By Ashliegh Gehl


Tri-Board Student Transportation Services resumes a school bus routed in the strike zone near Loyalist College Friday, Sept. 9.

On Sept. 6, Tri-Board decided to cancel parts of a bus route due to strike-related traffic congestion on Wallbridge-Loyalist Rd.

Tri-Board CEO Steve Wowk said after Tuesday’s disruptions the company decided to reroute the bus around the strike zone for one day.

Wowk said cancelling busses due to strike-related route interferences is not standard procedure and he will not hesitate to cancel again if hour-long delays are expected.

The Ontario-wide strike for community college support workers started Sept. 1, when talks between the Ontario Public Service Employee Union fell through with college negotiators on Aug. 31.

The union is requesting a three per cent annual wage increase. The college denied the union’s request and offered a 1.5 per cent increase over two years and a 1.75 per cent increase in the third year.

OPSEU represents more than 8,000 college support workers across the province’s 24 colleges. Loyalist has 150 support staff walking the picket line.

Christine McArthur, 41, has lived with her husband and children between Loyalist and Quinte Christian High School for seven years. They were directly affected by Tri-Board’s bus cancellation.

“We were ticked!” she said.

The McArthur’s depend on Tri-Board to take their eight-year-old son Miles to Our Lady of Fatima Catholic School and their 12-year-old daughter Zoe, to Centennial Secondary School.

When Tri-Board told the McArthur’s the bus route was temporarily cancelled until further notice, they were forced to improvise. That’s when they partnered with their next-door neighbour, Bic Leadbeater, to get the children to school on time; a daunting task for a family with one vehicle.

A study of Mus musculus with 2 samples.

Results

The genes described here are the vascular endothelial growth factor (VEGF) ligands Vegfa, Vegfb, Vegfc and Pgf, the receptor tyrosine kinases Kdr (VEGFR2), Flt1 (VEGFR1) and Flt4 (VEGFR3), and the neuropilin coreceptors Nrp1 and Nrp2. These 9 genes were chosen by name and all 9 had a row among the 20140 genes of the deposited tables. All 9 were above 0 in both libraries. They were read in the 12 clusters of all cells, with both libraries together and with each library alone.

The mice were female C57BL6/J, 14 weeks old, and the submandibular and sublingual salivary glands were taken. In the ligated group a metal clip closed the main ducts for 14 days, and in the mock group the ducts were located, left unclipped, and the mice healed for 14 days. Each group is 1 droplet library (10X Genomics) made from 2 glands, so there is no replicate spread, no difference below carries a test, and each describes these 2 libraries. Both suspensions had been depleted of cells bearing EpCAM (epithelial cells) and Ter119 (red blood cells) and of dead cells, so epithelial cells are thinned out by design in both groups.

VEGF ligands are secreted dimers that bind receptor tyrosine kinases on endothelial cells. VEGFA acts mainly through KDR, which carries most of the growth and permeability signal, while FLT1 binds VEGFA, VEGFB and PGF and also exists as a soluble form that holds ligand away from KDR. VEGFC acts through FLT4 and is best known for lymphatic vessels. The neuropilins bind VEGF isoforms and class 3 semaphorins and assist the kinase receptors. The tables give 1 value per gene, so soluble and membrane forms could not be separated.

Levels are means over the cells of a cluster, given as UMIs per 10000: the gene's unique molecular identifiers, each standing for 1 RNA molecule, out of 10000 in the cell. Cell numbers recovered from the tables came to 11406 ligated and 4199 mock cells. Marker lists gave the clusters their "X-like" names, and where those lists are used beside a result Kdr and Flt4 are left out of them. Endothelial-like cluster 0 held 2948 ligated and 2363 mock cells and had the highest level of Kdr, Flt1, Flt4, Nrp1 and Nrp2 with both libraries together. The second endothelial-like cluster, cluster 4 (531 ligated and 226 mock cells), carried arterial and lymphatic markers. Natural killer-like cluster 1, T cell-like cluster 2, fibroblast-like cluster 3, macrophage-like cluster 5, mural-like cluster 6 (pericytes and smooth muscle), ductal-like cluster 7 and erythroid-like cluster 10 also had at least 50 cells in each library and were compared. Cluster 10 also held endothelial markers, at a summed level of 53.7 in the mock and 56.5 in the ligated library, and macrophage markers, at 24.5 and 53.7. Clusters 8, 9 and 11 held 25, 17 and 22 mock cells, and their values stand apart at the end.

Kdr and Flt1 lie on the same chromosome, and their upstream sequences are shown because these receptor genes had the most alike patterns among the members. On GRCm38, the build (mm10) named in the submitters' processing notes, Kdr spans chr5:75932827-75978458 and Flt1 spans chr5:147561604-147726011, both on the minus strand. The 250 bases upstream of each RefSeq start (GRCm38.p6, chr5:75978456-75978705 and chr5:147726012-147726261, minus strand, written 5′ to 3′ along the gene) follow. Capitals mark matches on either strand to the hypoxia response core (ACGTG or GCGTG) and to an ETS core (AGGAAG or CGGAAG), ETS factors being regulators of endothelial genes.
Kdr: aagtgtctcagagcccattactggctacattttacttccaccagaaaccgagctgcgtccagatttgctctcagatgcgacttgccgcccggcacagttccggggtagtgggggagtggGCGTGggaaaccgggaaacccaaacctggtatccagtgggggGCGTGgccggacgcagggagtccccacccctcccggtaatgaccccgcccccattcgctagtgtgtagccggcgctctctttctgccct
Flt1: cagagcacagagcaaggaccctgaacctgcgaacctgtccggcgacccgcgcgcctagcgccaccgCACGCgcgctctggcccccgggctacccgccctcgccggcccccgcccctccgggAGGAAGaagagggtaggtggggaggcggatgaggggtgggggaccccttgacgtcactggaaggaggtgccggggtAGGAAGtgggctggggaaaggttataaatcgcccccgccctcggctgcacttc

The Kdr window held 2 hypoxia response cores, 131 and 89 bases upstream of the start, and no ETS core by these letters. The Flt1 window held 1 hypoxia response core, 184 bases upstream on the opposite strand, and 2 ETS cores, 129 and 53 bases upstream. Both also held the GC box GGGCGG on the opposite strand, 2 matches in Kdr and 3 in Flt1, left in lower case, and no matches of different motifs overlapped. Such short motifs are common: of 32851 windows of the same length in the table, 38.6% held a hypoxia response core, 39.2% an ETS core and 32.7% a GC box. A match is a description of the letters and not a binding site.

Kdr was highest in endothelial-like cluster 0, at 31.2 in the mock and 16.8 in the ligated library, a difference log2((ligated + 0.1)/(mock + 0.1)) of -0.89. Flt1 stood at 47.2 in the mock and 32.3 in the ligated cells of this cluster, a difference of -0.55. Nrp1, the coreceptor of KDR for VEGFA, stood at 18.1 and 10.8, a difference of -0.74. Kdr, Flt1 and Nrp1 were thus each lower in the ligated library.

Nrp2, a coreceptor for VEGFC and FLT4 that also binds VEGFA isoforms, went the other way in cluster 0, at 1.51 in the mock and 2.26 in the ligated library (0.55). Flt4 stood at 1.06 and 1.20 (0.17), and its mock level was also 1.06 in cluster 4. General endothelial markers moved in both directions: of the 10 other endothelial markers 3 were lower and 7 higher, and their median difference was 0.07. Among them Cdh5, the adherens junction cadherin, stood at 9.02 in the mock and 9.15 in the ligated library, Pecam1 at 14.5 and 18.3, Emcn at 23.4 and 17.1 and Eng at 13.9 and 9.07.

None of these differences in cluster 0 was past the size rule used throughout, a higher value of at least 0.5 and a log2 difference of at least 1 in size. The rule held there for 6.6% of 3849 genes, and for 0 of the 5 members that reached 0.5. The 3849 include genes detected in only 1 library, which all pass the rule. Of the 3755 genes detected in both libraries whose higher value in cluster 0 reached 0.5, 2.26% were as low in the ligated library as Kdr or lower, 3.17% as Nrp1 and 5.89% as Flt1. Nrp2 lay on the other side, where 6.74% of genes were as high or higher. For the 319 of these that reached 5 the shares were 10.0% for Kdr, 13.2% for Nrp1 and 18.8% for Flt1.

“It’s a big inconvenience,” said McArthur. “We’ve never had this before.”

McArthur said the impact of the strike extends beyond the college.

“It’s not just affecting the college,” she said. “It’s affecting the community.”

McArthur said her husband Chris worked from home for the first few days because traffic made it difficult for him to get out of the driveway.

“On the first day it got quite scary,” she said. “Some pulling over, others zipping by.”

Leadbeader, 42, said the bus cancellation affected her son Joshua who attends Centennial.

“It’s kind of annoying,” she said.

Leadbeater said traffic implications from the strike no longer phase her.

“I don’t really care,” she said.

Hermien Hogewoning, an administrative assistant at Quinte Christian High School, said a majority of the students rely on busses to get to school.

The school didn’t issue a warning to parents about possible delays due to the high volume of students who utilize bus services.

Hogewoning said the community had a heightened awareness about the strike and the possibility of delays.

“Everyone knew that it was happening,” she said.

Hogewoning said on the first day of school classes were disrupted and busses were delayed.

“It was worse on the first day,” she said.

On September 8, OPSEU invited community college negotiators back to the bargaining. No new talks are currently scheduled between the college and the union.